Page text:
Tuesday, January 13, 2009

A few global food trends (1 of 2)

This is a modest essay about a few global food trends.

I have been reading media reports about overfishing, rising global demand for meat, and environmental damage resulting from the way we eat food. All these ideas seemed abstract.

Over the holidays, my family traveled a second time to southern Spain. Our travels helped me understand some of these food trends better.

Trend #1: scarcity is making seafood a luxury food in Europe

The Mediterranean is where civilization began. From the time of the Phoenecians, these people have eaten seafood. It is hard to emphasize how important fishing and seafood is in southern Spain and Italy.

In Southern Spain, we found seafood much more central to the diet, particularly in fine restaurants, than here. And restaurants serve a much wider variety than we see in Houston. For instance, I have a hard time imagining the Sevillian sea snails above on most Houston menus.

The death of the Mediterranean

Like many of the world's seas, the Mediterranean suffers from overfishing. It's serious. Overfishing may soon extinguish local stocks of tuna, mackerel, cod, and swordfish. According to the Independent, overfishing and pollution are turning the Mediterranean into a "graveyard."

We found that the price of wild seafood had increased dramatically since our last visit four years ago.

The rising price of European seafood

This bowl of monkfish in a thick egg-based soup was one of the least expensive seafood dishes at El Caballo Rojo in Cordoba. It cost over $30.

In Sevilla, we returned to La Isla -- a restaurant known for wild-caught seafood delivered fresh from Galicia and Huelva. We ordered a platter of simply grilled seafood including swordfish, monkfish, salmon, squid, clams, shrimp, and a few other shirmp I can't translate. It costs around $60.

The real shock occurred in the small port town of Sanlucar de Barrameda. Casa Bigote is a seedy sailors' bar with a small restaurant attached. It is a foodie destination known for langoustines -- small lobsters that seem more like very large shrimps.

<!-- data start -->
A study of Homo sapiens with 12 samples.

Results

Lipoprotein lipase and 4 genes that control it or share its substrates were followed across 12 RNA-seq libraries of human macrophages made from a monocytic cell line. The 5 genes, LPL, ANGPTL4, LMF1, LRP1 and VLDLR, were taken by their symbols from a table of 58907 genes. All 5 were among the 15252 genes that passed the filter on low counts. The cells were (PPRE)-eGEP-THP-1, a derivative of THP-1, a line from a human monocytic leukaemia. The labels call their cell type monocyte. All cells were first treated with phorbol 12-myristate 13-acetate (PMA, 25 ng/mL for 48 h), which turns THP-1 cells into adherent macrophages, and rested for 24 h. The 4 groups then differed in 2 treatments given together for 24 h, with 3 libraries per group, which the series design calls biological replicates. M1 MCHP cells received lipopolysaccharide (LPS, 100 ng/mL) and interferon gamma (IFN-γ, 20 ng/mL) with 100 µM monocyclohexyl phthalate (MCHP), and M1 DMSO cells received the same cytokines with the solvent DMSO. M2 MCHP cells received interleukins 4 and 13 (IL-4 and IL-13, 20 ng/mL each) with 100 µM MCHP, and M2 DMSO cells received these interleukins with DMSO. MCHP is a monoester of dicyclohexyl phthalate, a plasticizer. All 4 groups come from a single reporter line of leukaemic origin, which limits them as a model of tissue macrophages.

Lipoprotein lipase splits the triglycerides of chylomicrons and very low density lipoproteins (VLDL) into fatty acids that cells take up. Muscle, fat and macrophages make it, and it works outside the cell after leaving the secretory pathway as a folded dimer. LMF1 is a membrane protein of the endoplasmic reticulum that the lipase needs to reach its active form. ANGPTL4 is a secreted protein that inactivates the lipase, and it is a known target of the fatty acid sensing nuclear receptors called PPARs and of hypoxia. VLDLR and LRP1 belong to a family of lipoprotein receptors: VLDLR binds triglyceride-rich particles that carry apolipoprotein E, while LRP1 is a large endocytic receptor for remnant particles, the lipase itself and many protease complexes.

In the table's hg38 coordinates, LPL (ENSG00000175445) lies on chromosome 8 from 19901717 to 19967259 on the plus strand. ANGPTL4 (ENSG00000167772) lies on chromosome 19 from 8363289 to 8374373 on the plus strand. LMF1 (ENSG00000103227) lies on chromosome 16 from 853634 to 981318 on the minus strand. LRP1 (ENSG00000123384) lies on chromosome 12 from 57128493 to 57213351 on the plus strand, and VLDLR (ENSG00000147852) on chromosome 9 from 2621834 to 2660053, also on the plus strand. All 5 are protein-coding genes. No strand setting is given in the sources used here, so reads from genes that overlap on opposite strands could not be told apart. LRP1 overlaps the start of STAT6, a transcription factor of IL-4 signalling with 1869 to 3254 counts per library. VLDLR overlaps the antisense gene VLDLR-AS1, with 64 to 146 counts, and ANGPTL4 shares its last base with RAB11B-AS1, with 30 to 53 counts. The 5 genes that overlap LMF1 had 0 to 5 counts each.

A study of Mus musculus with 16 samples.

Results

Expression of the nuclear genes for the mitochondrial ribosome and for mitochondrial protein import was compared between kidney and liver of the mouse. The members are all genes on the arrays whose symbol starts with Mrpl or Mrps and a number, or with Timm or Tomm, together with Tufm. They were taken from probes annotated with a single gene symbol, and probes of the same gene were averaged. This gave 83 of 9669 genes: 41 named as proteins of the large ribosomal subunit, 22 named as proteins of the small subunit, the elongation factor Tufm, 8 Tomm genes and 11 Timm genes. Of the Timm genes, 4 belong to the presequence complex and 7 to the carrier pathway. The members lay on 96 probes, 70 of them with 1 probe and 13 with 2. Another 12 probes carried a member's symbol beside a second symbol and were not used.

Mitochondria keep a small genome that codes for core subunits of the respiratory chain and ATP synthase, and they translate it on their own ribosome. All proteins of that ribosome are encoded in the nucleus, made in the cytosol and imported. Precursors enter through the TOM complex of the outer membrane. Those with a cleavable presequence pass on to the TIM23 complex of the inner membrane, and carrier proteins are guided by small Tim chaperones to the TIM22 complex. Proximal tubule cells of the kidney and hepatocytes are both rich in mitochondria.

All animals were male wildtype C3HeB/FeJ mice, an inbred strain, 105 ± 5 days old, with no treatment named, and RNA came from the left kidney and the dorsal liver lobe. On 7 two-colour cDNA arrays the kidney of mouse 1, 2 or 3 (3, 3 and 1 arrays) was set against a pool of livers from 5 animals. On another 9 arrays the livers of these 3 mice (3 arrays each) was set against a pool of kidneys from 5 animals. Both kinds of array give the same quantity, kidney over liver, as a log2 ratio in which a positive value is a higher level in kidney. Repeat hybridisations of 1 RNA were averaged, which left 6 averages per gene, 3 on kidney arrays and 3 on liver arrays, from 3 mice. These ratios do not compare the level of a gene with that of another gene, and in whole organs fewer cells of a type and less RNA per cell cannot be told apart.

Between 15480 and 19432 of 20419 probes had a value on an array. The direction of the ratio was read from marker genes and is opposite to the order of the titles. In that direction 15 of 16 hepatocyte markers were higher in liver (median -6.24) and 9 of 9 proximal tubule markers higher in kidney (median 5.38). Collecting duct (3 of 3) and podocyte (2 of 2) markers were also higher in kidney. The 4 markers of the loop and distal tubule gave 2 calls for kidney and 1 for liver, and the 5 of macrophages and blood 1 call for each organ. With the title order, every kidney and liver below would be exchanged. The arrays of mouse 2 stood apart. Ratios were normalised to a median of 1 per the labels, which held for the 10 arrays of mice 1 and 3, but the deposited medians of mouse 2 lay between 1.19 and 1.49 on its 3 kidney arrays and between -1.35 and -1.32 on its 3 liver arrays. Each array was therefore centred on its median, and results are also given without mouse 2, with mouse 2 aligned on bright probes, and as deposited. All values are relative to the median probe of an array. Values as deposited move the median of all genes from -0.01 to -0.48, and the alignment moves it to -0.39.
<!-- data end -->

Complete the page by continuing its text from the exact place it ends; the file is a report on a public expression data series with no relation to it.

The menu did not list the langoustines' price. When I ordered in beginner's Spanish, the waiter tried to communicate with me about the size of the order. I made the mistake of ordering "la plancha."

The enormous platter that arrived was one of the most decadently wonderful seafood dishes I have eatern. And, as I learned, the most expensive.

Words can't describe the salty-fresh sea flavor of these creatures. As the rest of my family carefully fished out the meat, I was grabbing the heads to suck out all the delicious juices.

Overwhelmed by the plate, I tried to tell the waiter that I had ordered "demasiado" and to cancel the other dishes we had ordered. But we still received some deliciously crispy small fried "gambas" or shrimp. They were fried whole, which is exactly how we ate them.

Finally, we received te bill. The langoustines alone cost $150. I have never paid that much for any plate of food.

After this inadvertent splurge, our food budget was exhausted. For the rest of the trip, we stopped ordering seafood. And as we switched to meats, vegetables, and grains, our meals became cheaper.

The future of American seafood?

In the U.S., we have a greater supply of seafood. And prices are lower. Yet a report in Science suggests that, if current trends continue, there will be virtually nothing left to fish from any of the globe's seas by the middle of this century.

In short, even here, wild-caught seafood will soon be a short-supply luxury item. In ten years, it may not be that rare to find a $150 plate of seafood in Houston.

This is my ethical dillemma: do I try to do my part to conserve and eat less seafood? Or do I eat as much as I can now, before prices go up more?

This plate of fried sardines from Sevilla isn't making my choice any easier:
Next: The villagers turn to meat. The urban rich turn to peasant food.